Adam Spence


This gold-plated record includes important images and audio snippets compiled with great care by a committee of scientific minds spearheaded by popular scientist Carl Sagan. They didn’t have room to include a record player, which will probably be seen as ancient technology by any spacefaring beings that find it. They did include a needle and instructions on how to build and use a record player to listen to the audio and recreate the images.

Here are just a handful of things included on the record: 

  • Music from Mozart to Chuck Berry, with selections from all over the world
  • Images that depict everyday human life from various cultures
  • Brainwaves, you know,  in case that’s how aliens communicate
  • Scientific diagrams, human anatomy, cell structure, and mathematical equations
  • Famous art and architecture throughout the ages
  • Images and audio of nature and animals

The chances of ET finding and playing our record might be astronomically small (pun intended), but it shows a lot about who we are as a human race that we care so much about making contact with other life forms.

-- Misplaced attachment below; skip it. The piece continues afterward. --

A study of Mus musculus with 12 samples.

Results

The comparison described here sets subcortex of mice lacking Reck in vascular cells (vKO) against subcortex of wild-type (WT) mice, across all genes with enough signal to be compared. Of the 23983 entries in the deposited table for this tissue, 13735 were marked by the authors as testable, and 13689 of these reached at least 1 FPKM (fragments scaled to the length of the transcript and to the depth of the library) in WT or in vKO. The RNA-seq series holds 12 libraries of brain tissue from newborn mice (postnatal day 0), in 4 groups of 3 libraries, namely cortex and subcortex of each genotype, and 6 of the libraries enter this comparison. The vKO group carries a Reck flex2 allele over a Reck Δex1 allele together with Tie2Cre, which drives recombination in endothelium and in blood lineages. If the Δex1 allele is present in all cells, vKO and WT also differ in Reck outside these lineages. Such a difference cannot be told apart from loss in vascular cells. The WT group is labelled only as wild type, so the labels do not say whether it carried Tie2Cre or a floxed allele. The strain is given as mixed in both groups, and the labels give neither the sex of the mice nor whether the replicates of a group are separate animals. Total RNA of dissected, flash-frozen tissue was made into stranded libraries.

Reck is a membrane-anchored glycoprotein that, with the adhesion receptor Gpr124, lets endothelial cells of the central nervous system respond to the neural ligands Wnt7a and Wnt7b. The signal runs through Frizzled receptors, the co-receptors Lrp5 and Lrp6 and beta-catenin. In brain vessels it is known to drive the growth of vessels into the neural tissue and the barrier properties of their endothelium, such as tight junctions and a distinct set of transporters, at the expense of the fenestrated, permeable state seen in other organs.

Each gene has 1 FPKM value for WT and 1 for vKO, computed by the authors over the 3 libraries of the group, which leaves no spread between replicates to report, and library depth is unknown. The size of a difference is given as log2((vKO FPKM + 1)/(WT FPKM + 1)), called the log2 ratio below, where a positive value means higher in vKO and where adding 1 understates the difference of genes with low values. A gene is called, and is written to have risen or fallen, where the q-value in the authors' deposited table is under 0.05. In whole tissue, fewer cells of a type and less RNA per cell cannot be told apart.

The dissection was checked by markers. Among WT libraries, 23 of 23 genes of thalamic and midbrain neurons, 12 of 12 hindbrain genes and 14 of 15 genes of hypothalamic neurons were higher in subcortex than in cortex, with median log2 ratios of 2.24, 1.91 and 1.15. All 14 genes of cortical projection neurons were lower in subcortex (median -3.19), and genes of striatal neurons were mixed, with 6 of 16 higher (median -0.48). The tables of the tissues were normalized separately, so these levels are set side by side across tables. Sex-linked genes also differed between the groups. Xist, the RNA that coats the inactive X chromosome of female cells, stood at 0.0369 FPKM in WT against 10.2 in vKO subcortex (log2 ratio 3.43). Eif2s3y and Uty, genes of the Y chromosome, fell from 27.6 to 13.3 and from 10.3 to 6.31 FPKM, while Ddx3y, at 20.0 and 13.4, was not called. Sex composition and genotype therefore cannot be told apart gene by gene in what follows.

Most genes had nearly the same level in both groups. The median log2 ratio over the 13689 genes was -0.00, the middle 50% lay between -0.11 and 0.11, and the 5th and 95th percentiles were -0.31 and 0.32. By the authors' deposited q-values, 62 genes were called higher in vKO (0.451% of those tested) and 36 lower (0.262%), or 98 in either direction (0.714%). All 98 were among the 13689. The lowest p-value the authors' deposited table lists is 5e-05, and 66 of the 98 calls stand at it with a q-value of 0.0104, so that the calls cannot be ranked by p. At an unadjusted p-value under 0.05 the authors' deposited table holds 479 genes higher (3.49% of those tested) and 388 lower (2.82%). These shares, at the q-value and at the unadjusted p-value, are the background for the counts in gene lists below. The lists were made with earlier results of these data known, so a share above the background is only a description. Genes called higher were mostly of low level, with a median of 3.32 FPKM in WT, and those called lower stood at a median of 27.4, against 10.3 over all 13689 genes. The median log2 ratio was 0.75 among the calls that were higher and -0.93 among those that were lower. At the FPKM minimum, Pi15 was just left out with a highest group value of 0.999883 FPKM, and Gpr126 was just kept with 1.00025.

Carl Kruse wrote an article about Voyager’s Golden Records and you can get to it here – Carl Kruse and Voyager.

You can listen to the audio portion of this famous record for free on Soundcloud or you can purchase a replica on vinyl or CD from Ozma Records. The recordings make a great gift for science geeks and wannabe alien hunters.

Adam studied computer science at Fordham University before finding his groove in tech journalism. After a successful pitch got him published on CNN.com, Adam traveled the world covering tech developments in Japan and elsewhere. He’s now a full-time journalist for The Fledged.